A number of observers have recorded confirmatory facts.
Mr. G. H. Piper ("Woolhope Club Transactions, 1882," p. 176) says: "A line drawn from the Skerrid-fawr (mountain) northwards to Arthur's Stone would pass over the camp and the southernmost point of the Hatterill Hill, Old Castle, Longtown Castle, and Urishay and Snodhill Castles."
Mr. Thos. Codrington ("Roman Roads in Britain," 1903) says: "Between the extreme points there are many straight pieces not quite in the same line, generally pointing to some landmark. There are several instances where a barrow or tumulus was the landmark, the road passing round it on nearing it. Silbury affords one example, and Brinklow, on the Foss, another."
Mr. James G. Wood ("Woolhope Club Transactions, 1910," p. 146) says: "The origin and purposes of these tumps associated with Roman roads will well repay investigation. I have traced a line of such works across South Monmouthshire and West Gloucestershire from Caerleon through Caerwent into the Forest. All of these are so placed that each is in sight of the next in either direction. Again, we find that such roads were in many cases ranged or laid out in line with small camps or such tumuli-being, in fact, surveying stations."
The Rev. S. Baring-Gould ("Book of Dartmoor," 1900) says: "The stone row is almost invariably associated with cairns and kistvaens. They do not always run parallel; they start from a cairn and end with a blocking stone set across the line."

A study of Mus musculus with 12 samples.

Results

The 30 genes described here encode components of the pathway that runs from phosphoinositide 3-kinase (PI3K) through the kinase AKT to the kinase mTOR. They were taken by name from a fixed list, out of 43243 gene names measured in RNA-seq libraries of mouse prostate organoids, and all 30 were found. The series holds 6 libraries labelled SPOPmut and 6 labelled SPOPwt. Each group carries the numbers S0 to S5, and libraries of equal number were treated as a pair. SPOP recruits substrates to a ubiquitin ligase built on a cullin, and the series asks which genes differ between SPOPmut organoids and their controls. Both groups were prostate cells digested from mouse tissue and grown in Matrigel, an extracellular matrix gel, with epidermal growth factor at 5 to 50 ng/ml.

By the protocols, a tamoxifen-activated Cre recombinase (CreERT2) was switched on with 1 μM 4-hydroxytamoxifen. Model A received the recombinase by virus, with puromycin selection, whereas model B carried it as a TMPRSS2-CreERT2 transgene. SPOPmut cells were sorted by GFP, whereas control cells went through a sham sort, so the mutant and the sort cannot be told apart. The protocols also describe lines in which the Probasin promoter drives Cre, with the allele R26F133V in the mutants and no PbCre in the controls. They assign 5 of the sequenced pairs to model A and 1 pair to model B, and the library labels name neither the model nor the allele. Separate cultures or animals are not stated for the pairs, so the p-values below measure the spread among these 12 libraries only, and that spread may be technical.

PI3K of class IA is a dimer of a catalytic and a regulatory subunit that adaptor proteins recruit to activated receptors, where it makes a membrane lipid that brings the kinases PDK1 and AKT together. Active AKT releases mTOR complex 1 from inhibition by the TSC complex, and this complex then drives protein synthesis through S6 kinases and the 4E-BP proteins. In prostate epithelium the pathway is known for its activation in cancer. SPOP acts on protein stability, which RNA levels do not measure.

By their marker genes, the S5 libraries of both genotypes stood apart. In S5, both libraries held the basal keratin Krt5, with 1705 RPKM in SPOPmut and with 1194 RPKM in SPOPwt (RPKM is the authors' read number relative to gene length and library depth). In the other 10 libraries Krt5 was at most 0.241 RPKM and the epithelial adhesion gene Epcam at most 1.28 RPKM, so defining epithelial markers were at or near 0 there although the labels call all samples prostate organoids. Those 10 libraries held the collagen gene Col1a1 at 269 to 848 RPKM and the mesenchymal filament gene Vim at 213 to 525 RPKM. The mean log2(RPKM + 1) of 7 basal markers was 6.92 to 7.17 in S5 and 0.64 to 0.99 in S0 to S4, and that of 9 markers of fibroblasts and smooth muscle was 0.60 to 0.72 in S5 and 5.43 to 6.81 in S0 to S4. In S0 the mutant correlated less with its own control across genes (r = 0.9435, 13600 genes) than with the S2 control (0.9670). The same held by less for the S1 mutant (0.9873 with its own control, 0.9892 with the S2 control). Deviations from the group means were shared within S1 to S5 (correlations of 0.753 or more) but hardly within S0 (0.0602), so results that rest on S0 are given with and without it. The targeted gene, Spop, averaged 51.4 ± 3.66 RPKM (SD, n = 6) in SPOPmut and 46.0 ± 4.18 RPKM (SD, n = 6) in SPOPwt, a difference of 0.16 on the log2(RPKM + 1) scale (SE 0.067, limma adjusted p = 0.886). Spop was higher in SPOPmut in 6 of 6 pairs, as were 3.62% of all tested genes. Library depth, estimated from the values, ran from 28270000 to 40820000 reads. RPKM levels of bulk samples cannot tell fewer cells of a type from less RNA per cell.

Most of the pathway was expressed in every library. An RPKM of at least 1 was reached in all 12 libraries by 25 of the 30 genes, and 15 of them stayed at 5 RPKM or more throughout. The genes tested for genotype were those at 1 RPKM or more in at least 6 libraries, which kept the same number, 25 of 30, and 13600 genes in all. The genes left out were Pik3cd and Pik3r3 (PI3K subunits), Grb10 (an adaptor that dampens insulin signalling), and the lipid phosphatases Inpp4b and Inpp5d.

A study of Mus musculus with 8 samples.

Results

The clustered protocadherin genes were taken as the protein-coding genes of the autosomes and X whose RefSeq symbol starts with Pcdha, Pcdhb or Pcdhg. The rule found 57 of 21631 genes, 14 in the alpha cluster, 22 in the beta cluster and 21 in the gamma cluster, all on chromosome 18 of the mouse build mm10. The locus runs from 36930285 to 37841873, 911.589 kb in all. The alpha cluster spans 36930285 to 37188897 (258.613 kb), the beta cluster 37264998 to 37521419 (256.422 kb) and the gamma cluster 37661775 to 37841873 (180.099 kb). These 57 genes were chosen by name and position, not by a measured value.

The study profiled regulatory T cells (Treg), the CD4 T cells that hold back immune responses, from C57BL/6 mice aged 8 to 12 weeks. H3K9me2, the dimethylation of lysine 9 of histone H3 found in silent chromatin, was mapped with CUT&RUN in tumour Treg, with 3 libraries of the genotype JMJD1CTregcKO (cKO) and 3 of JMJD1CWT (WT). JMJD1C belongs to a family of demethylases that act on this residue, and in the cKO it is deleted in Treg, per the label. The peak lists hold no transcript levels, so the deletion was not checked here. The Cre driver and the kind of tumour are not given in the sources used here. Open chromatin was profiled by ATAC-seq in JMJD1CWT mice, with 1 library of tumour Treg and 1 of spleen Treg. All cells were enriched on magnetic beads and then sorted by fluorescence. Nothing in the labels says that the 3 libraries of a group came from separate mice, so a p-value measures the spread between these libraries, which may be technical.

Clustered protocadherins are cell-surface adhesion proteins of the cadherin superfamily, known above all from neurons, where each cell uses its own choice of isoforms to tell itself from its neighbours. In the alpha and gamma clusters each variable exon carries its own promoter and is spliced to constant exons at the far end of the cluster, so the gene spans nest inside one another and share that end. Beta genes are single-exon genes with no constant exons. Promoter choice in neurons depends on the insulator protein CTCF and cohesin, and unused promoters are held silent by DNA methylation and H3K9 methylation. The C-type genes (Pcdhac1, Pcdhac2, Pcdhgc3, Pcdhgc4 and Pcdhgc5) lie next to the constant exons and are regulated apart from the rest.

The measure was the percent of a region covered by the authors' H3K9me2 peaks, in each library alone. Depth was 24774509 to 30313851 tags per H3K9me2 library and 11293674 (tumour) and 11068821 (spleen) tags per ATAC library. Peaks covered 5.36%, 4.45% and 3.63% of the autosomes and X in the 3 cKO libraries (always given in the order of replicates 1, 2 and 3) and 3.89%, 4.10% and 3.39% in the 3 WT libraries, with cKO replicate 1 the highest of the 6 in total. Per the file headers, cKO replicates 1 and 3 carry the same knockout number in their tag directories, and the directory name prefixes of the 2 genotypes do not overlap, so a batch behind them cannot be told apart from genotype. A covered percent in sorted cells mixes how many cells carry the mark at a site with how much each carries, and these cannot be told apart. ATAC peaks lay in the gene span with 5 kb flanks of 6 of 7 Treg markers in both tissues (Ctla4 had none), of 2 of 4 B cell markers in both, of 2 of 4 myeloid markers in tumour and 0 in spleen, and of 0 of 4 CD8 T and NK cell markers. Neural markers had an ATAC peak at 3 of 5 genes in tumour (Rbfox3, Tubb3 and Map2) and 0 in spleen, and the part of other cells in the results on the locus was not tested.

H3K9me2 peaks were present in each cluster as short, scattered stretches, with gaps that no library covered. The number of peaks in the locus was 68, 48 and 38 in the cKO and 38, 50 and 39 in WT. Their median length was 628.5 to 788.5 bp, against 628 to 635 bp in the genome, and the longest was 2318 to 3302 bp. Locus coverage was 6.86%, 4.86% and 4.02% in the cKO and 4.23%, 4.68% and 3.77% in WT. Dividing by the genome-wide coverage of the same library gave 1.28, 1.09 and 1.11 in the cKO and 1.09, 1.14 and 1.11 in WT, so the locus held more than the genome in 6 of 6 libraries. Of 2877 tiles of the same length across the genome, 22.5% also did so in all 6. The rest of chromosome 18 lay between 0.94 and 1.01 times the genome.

The Rev. S. Bentley ("History of Bosbury," 1891) says: "Under the cross in the churchyard, at its removal to its present site in 1796, a huge shapeless mass of rock weighing upwards of two tons was found. This stone now lies in the churchyard close to the tower on the south side." Another writer refers to it as "this large unhewn mass of Silurian rock."
Mr. Hillaire Belloc ("The Old Road," 1904), writing of the Pilgrim's Way, says: "Now on its way from Winchester to Canterbury the Old Road passes, not in the mere proximity of, but right up against, thirteen ruined or existing churches."
Mr. Belloc also says: "The sacredness of wells is commingled all through Christendom with that of altars"; and giving Continental instances, also refers to the one under the altar at Winchester.